Police: Burning Vacuum Cleaner Almost Sunk Last Remaining Tea Clipper Cutty Sark

A fire that tore through a famous 19th century British ship was likely caused by a vacuum cleaner used for renovation work bursting into flames, police said Tuesday.

Investigators found no evidence of arson for last year's fire that threatened to destroy the Cutty Sark, a historic three-masted tea clipper that sits in dry dock on the banks of London's River Thames.

The most likely causes were a vacuum cleaner catching fire after it was accidentally left on over the weekend or electrical equipment that overheated, according to a report released Tuesday.

"It is the view of the inquiry that the cause of the fire was accidental," police inspector Dave Garwood told reporters.


The inferno sent clouds of black smoke over the leafy southeast London borough, but much of the Cutty Sark's historic material — including its masts, deckhouses, and most of the ship's hull planking — had already been sent to the Chatham Dockyards, east of London, for conservation work.

The trust said less than 2 percent of the vessel's original material was lost to the flames.

"It could have been much, much worse," the Cutty Sark Trust's chief executive Richard Doughty said. "We came very close to losing the ship."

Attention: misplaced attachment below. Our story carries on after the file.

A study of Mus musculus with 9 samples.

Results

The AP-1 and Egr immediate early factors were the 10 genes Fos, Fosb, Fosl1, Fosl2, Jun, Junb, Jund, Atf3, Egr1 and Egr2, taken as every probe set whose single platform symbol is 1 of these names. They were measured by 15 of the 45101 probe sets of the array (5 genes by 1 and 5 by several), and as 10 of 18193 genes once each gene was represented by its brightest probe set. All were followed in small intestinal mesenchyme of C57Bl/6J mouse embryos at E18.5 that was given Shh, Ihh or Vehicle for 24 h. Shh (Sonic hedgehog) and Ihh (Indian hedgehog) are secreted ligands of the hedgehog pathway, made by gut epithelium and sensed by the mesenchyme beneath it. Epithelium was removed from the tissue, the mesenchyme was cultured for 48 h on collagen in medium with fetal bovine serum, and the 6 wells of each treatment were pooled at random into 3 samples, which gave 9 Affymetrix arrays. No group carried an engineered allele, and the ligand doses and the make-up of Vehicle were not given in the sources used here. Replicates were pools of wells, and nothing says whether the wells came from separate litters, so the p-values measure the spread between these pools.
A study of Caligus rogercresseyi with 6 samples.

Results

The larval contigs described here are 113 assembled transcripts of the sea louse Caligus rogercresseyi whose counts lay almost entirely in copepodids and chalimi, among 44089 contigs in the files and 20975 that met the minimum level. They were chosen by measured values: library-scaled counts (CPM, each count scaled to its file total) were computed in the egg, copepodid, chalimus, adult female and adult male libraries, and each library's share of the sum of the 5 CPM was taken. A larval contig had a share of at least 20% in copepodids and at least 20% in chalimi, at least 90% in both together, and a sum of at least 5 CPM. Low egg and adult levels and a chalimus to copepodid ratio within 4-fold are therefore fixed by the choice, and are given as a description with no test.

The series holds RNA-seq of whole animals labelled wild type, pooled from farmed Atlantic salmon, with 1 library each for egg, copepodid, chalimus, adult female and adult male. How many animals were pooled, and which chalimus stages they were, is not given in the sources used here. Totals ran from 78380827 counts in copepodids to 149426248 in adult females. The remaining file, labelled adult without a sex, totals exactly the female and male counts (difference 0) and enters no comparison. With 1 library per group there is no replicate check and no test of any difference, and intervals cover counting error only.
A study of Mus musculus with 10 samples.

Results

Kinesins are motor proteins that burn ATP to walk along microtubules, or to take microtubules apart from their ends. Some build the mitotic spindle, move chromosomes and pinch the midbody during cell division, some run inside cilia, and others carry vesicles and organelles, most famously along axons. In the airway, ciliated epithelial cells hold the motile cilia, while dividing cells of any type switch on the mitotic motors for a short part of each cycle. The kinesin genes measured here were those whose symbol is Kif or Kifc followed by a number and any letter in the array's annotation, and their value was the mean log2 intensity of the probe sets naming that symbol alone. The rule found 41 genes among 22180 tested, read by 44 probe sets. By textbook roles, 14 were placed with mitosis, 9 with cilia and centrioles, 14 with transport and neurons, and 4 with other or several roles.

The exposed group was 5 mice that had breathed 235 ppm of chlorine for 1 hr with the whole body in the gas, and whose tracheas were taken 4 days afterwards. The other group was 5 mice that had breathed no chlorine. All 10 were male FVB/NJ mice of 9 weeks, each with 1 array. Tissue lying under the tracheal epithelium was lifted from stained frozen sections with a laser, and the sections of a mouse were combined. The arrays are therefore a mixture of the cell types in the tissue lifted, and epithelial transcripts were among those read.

The Cutty Sark, which made its maiden voyage in 1870, is the world's only surviving example of an extreme clipper, regarded as the ultimate development of a merchant sailing vessel.

Designed to race its cargo of tea from the Far East back to Britain, the ship was restored and installed in a dry dock in 1954 in Greenwich, a historic naval center and World Heritage Site.

Given its importance, police said they interviewed more than 70 people during a 16-month probe and reviewed some 250 hours of surveillance footage.

"The investigation had to be made to the standard of a murder investigation," Garwood said.

The conservation program, originally intended to fix the ship's wrought iron frame, has been delayed by nearly two years, Doughty said.

He added that the fire added $18 million to the cost of the restoration — and that the trust was still about $5.4 million short of the funds needed.

The Cutty Sark is due to reopen to the public by the summer of 2010.